Crowley nuclear power generation vessel
Crowley's concept is to place nuclear reactors on ships to provide power as a disaster response and in remote locations (Crowley)

Published Sep 20, 2023 3:19 PM by The Maritime Executive

Crowley which positions itself as a maritime, energy, and logistics company, is the latest to explore the possibility of using a new generation of microreactors aboard ships to provide emergency power supplies. Other companies including Samsung have also reported they are exploring using smaller nuclear reactors and new technologies such as Molten Salt to create power barges. Crowley highlights the opportunities to generate alternative, zero-carbon emission energy for defense and disaster response needs.

Crowley has entered into a memorandum of understanding to work with BWX Technologies on the development of the power generation vessel concept using a microreactor. For many years, BWTX operated as a part of The Babcock & Wilcox Company, a leader dating back to the 1850s in steam boilers, and in 2015 Babcock & Wilcox spun off its power generation business to allow BWXT to focus on government and nuclear operations. Today, BWTX is a leading supplier of nuclear components, fuel, and services to the U.S. government.

“Our cooperation with BWXT will move Crowley for the first time into the nuclear energy sector, a key part of our commitment to sustainable, alternative energy sources,” said Shiju Zacharia, senior vice president and general manager, Crowley Government Solutions. “This concept supports the U.S. Department of Energy’s goal of maintaining U.S. leadership in nuclear energy technology as well as many of the U.S. Department of Defense’s strategic goals for operational energy.”

The companies will work jointly to develop opportunities relative to the design, engineering, and development of new shallow-draft hull ships that will supply small-scale nuclear energy to shoreside locations. The concept is that the onboard power plant would supply energy to shore facilities, such as military bases in remote island locations, backup utility grids after disasters, and provide power in other scenarios where traditional electricity sources are damaged or not possible.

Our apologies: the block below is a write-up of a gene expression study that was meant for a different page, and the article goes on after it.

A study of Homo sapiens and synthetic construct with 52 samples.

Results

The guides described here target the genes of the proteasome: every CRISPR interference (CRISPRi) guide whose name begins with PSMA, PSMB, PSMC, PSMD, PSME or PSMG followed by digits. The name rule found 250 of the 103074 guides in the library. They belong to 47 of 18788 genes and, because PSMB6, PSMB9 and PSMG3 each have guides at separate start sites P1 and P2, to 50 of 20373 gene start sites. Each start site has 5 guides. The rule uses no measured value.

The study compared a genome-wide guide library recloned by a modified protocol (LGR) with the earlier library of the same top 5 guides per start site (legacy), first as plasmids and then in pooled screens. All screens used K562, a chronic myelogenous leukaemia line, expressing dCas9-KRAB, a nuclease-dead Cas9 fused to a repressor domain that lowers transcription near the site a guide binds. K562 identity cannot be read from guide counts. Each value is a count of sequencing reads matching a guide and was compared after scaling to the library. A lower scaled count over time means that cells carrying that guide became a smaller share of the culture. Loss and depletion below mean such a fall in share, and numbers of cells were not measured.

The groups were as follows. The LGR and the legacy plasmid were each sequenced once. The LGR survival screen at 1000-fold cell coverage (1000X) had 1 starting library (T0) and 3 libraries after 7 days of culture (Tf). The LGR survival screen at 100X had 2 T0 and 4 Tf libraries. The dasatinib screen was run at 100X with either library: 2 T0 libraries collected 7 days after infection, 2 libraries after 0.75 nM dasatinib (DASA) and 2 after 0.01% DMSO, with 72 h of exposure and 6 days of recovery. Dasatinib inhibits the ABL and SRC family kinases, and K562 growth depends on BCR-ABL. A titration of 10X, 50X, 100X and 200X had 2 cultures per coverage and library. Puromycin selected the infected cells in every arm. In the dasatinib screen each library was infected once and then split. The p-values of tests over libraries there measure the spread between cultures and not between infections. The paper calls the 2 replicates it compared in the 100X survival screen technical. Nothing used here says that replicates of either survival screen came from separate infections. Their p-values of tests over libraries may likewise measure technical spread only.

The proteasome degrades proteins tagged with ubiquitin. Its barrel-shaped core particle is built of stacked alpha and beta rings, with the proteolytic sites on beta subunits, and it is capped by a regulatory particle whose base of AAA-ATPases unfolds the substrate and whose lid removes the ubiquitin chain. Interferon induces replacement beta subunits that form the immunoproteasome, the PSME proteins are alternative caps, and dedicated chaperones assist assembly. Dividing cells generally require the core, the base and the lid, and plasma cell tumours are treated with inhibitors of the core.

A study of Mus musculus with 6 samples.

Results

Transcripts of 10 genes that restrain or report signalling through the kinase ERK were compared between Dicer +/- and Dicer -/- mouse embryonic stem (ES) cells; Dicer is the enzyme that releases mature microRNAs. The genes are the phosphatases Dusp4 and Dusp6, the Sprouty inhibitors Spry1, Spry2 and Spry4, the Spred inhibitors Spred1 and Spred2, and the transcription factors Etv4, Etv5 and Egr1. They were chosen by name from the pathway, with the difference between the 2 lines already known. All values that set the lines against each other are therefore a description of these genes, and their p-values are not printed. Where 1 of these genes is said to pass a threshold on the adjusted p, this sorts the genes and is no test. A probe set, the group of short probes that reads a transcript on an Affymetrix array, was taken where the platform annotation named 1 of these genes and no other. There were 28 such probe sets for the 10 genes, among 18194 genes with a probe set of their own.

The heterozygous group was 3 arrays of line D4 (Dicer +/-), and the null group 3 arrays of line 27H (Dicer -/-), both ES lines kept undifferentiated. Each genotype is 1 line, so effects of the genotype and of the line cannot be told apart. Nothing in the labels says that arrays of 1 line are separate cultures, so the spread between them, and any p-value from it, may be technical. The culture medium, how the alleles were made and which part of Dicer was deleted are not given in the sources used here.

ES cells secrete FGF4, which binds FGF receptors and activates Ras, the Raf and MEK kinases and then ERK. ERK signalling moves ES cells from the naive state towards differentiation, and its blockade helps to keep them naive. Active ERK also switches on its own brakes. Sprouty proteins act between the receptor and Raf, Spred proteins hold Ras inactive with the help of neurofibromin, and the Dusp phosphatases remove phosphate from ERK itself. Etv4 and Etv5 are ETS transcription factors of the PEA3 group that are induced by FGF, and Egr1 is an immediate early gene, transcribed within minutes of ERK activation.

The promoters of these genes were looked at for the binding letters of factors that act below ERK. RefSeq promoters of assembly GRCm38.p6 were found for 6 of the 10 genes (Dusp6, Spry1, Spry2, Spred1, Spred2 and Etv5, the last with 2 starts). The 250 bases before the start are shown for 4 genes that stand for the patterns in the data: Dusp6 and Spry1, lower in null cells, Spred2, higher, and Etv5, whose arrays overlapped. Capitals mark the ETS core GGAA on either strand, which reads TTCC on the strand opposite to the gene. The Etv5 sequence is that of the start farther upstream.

The new ships would be 378 feet in length developed from Crowley’s expertise in shipping and the company’s in-house designs by Crowley Engineering Services. The vessel will feature the latest technology available for factory-fabricated microreactors, readily deployed into a shipyard configuration for ease of installation on the vessel.

It would use traditional propulsion while carrying a modular reactor between 5 and 50 megawatts that can be activated upon arrival at the destination and be deactivated and transported after the power supply is discontinued. The vessel would also carry power delivery cables which will enable the ships to deploy energy connections to shore. The shallow draft hulls would allow the vessels to maneuver to strategically deliver power for military activities or if disasters limit harbor access.

Samsung is looking at placing nuclear reactors on barges and in a similar concept Washington state-based ThorCon and Indonesia’s power and research innovation authorities have agreed to explore the concept to increase the country’s power supply. BV joined the project in December to develop reactors as a power supply for Indonesia. The country’s regulators have indicated that they will issue an experimental nuclear power plant operating permit for the project. The goal is to have the commercial power supply available by 2030.